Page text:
Report by Fintan Mullan

The Foundation does not tend to travel light. When undertaking a lecture anywhere, be it Bundoran, County Donegal, or Comber, County Down, the staff member concerned will likely be loaded down with books and pamphlets both to share and to sell. During the lecture tours in USA and Canada there are supply dumps located across the continent, not unlike Scott’s trek to the Antarctic (hopefully without the dire consequences). To add to the many impromptu supply depots, established through the generosity of friends at home and overseas, included in that is a box of materials in my daughter’s spare room in Manchester – the legacy of a successful full-day programme delivered on Saturday, 6 February 2016 in Manchester Central Library and hosted by the Manchester and Lancashire Family History Society (M&LFHS).

Manchester 3

As the M&LFHS publicity stated, ‘a recent survey suggests that one in four Britons claim to have Irish Ancestry – If true, that amounts to 14 million people. Perhaps you are one of them?’ In the case of the city of Manchester a lot of them have been there for quite a long time.

Frederick Engels writing in The Condition of the Working Class in England, published in 1845, commented on the dire condition of the foul and squalor-infested tenements of Manchester, where so many Irish were to be found – barely existing. He wondered what would bring them to live in such a place. Where could be worse? Across St George’s Channel in Ireland itself he opined – a finding that would begin a life-long obsession for Engels, and Marx, with the island. Important to note this study was written during his stay in 1842–44 and thus predates the horrifying consequences of the Famine. In the entrepôt of Liverpool, the number of Irish would swell as the impact of the Famine struck home. Liverpool became the pre-eminent port for transatlantic travel and a key gateway point for the Irish into Britain. Many settled in Lancashire and the surrounding English counties and never left.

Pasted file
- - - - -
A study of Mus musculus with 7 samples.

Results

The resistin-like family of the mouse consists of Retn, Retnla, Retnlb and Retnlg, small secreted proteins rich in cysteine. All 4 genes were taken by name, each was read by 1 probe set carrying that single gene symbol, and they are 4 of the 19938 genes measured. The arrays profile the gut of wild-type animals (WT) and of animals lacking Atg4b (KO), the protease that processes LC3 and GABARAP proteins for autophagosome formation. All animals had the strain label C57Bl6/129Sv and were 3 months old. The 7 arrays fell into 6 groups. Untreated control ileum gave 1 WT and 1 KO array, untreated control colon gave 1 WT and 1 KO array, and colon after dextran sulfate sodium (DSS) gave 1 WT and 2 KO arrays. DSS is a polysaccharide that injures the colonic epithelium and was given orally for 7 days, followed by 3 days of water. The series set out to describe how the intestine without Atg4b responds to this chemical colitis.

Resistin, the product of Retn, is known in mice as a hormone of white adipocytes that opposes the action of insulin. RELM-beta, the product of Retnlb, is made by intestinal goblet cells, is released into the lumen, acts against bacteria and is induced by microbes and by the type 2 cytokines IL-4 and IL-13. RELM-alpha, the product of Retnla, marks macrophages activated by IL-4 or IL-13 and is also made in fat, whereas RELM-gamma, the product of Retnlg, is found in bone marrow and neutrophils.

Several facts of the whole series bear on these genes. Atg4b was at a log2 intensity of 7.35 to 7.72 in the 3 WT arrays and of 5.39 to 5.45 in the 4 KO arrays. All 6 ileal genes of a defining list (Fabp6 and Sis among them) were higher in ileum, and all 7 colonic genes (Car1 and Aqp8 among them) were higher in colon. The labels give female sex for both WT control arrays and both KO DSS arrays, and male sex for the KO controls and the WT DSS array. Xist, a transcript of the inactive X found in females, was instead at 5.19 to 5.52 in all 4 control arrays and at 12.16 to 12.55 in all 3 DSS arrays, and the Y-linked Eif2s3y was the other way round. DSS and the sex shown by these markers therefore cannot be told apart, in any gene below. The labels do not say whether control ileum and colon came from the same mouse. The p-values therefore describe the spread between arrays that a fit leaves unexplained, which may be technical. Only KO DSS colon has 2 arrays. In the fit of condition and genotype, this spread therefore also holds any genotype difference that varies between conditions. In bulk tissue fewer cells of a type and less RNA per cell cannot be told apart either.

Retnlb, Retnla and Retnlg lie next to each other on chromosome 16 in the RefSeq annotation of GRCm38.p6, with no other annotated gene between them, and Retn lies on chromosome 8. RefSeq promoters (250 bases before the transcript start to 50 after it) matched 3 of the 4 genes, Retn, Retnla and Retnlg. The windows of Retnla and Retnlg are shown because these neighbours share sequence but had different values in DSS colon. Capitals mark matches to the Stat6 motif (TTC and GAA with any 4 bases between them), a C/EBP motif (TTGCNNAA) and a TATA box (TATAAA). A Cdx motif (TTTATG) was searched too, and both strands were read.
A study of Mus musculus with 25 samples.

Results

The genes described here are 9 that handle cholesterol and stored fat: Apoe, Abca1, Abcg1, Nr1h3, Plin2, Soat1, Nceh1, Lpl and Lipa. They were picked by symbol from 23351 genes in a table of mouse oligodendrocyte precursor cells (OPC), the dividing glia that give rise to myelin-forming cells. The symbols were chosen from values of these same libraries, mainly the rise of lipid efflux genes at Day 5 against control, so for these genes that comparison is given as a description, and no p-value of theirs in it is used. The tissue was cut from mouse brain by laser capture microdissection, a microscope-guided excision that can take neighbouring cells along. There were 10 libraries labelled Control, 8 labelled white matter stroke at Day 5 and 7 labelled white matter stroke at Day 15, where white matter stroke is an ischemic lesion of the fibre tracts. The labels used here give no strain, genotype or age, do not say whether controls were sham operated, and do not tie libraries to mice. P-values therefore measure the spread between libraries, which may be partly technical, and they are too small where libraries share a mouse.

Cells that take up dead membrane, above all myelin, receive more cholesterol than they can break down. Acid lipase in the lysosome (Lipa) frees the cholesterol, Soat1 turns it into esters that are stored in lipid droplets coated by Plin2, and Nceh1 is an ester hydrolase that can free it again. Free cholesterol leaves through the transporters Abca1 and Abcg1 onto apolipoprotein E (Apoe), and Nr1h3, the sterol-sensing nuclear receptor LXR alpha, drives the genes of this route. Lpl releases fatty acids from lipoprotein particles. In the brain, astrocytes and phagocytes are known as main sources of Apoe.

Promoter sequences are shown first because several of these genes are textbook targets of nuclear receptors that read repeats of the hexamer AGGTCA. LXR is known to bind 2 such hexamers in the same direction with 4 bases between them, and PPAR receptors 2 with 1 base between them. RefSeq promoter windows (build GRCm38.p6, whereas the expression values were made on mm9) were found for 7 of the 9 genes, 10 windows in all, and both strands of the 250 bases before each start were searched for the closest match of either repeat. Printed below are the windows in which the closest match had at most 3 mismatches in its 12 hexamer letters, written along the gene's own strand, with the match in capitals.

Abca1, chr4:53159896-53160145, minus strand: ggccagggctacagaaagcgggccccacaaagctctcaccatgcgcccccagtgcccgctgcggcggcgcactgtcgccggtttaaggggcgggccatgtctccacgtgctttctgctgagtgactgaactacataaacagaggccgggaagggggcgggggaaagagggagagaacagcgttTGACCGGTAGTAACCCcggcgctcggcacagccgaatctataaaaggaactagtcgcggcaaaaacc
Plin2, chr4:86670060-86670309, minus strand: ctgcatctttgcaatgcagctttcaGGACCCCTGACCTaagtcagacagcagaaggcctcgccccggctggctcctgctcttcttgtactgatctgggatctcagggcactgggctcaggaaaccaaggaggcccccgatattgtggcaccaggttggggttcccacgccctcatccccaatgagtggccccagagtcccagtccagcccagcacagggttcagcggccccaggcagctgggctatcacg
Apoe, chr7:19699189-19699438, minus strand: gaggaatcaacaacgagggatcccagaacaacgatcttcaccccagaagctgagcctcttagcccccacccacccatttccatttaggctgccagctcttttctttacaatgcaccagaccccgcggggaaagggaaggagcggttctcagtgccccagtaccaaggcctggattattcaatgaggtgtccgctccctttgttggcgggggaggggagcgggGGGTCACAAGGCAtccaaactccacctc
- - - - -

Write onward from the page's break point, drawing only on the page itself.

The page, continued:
Consequently the representatives of the M&LFHS felt their catchment area would be fertile ground for an Irish research programme, and so it proved. The event sold out within two weeks of going on sale in November 2015. The programme was the brainchild of Leslie Turner, one of the delegates at the Foundation’s October 2015 family history conference. Leslie was born and grew up in the USA but has lived most of her adult life in England. Following the October conference she floated the idea of a joint programme with the Manchester & Lancashire Family History Society and together with John Marsden, Chairman (M&LFHS), and their committee, they agreed to go forward with the project.

Manchester Family History Workshop 2016 7

Gillian Hunt and I delivered this one day event in Manchester city centre, in the impressive central library building where the presentations covered topics such as: civil records, the censuses, census substitutes and land division records in Ireland, how to trace farming families in the eighteenth and nineteenth centuries through landed estate records and the records relating to the different churches in Ireland. A hugely enjoyable event, due to a very appreciative, interested and interesting audience, who showed their appreciation by purchasing a lot of books, the programme is a model of what could be achieved with other societies across Great Britain, and indeed Ireland.